By Bhoot Jolokia
We are a funny lot in this country. There are way too many people cramped together, some living in squalor and some in opulence. For a country teeming with humanity, mechanical chariots are required in abundance to carry them to and fro. Whilst buses are a common means of transport, different states have their own unique systems of public transport; Delhi has the metro, Mumbai has the local, whilst Guwahati has city buses. The public transport system of a city is akin to its beating heart.
The public transport in this country is encumbered by the constant comings and goings of a huge mass of humanity. If it were alive, it would have become a hunchback by now.
On Personal Space and Lack Thereof
The poor and the middle class learn from a young age about the importance of space here. Their lives are spent jostling for space. Every inch has to be fought for in public transport. Bus Fares are cheap and the owners take it upon themselves to fill them up to the very brim. If the capacity of a bus is 40 then be sure that the conductor will pick up 60 people. The same logic applies smaller public vehicles like sumos, travellers, and taxis. Recently, I crossed the Brahmaputra River on a ferry and even there I was sitting cramped, trying to find comfort in every bit of extra inch of space that I could ferret for myself.
Everyone in public transports expect you to adjust. You learn humility if you travel regularly through public transport of any kind. Your past affiliations do not matter in that cramped space, your religion does not matter, your linguistic identity does not matter, your education does not matter, and your caste does not matter. These are the factors that we use to create divisions amongst ourselves in society, and we thrive in these divisions. We need our identities, and we will forcefully carve one out where it does not exist. It is just human nature to seek identity and find comfort amongst fellow humans having a similar outlook. All of this goes for a toss in public transport. Here, you have to adjust. Your prejudices do not matter here and neither do your preferences. You are just another money making mass of flesh for the conductor of that private vehicle; nothing else. Everyone adjusts, someone moves a feet, someone moves a bag, and someone moves their butt, and they adjust.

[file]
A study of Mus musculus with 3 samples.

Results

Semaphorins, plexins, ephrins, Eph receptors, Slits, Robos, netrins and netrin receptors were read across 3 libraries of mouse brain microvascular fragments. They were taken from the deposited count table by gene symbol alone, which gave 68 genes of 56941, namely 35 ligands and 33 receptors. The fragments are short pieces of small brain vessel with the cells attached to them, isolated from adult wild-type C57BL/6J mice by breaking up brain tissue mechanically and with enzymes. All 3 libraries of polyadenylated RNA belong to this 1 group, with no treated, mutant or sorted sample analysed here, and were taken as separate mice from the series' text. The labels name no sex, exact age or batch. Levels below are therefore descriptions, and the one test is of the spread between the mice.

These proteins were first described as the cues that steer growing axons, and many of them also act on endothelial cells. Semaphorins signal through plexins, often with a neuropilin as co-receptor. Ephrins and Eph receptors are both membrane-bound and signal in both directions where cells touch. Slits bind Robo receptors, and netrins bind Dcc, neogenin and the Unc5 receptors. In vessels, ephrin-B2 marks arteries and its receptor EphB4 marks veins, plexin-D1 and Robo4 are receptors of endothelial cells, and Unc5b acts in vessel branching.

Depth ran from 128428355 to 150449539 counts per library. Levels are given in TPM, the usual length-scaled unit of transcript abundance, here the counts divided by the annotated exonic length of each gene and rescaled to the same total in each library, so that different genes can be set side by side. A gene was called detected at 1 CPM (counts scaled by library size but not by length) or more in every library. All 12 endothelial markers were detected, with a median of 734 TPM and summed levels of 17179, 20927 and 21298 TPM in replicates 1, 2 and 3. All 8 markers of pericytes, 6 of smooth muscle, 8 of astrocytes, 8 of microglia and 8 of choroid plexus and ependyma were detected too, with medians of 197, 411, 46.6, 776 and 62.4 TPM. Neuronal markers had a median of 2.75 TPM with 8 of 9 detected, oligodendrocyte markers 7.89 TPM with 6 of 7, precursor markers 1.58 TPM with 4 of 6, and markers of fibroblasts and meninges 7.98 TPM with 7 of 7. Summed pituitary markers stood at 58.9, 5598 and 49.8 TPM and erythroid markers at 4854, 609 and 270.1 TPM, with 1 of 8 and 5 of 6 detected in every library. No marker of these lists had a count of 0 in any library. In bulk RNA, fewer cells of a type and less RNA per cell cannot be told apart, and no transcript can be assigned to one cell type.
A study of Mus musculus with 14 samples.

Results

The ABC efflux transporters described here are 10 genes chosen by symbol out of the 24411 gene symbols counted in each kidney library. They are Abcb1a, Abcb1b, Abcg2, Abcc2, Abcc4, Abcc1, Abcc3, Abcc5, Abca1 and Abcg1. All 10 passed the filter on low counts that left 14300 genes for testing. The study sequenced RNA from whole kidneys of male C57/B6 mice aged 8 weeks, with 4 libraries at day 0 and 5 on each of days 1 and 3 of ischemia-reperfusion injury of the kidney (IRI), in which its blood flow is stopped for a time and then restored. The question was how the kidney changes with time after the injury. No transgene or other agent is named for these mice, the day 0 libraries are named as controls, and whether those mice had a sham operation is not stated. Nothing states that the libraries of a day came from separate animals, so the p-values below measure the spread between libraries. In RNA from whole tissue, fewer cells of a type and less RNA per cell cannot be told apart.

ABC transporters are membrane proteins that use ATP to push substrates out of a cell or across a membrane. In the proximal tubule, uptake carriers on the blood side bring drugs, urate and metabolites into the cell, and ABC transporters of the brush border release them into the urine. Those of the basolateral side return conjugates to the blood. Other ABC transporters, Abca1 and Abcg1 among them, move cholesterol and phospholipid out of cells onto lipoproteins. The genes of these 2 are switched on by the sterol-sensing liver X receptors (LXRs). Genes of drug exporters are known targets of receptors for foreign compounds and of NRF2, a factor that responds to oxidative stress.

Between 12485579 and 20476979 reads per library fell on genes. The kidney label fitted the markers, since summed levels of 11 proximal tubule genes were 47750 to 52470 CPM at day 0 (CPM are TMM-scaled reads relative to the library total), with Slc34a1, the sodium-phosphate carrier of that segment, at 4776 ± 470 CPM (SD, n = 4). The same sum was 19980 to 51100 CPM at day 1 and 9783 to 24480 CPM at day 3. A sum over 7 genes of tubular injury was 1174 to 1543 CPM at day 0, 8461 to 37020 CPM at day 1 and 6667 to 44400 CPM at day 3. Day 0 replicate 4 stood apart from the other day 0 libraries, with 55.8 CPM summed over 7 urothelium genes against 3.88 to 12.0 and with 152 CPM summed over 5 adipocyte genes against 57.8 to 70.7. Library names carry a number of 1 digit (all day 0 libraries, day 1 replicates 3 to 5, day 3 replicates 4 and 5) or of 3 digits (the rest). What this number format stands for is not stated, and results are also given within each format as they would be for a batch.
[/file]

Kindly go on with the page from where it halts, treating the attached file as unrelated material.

Perfumes, sweat, and farts mingle together to create a peculiar smell inside public transports. We are probably immune to it by now in lieu of adjusting to it with time.
Whenever I board a public vehicle, the dirt and grime repulses me but I endure it. I sit, observe, and listen to people. It is almost a space where worlds collide. People from different religions sit together, they interact. People of different castes sit together and they interact. For the course of that cramped and uncomfortable journey, people give up their prejudices and certain core facets of their identities. Everyone fights together for inches of space. A dirty, moth eaten seat is the Holy Grail in public transports.
I was contemplating all this while sitting on an overly cramped bus home. Moving an inch of your body was an arduous task; thankfully, I had seat as the passenger next to me vomited his guts out. The conductor calmly threw some water on the windows, some passengers grumbled, and the bus laboriously moved on.
I wish I could detach my prejudices just like I do for those hours in cramped public transport. Perhaps, we only let go of our prejudices when it is absolutely necessary otherwise we use them as fuel to keep us going; to find meaning in our mundane lives.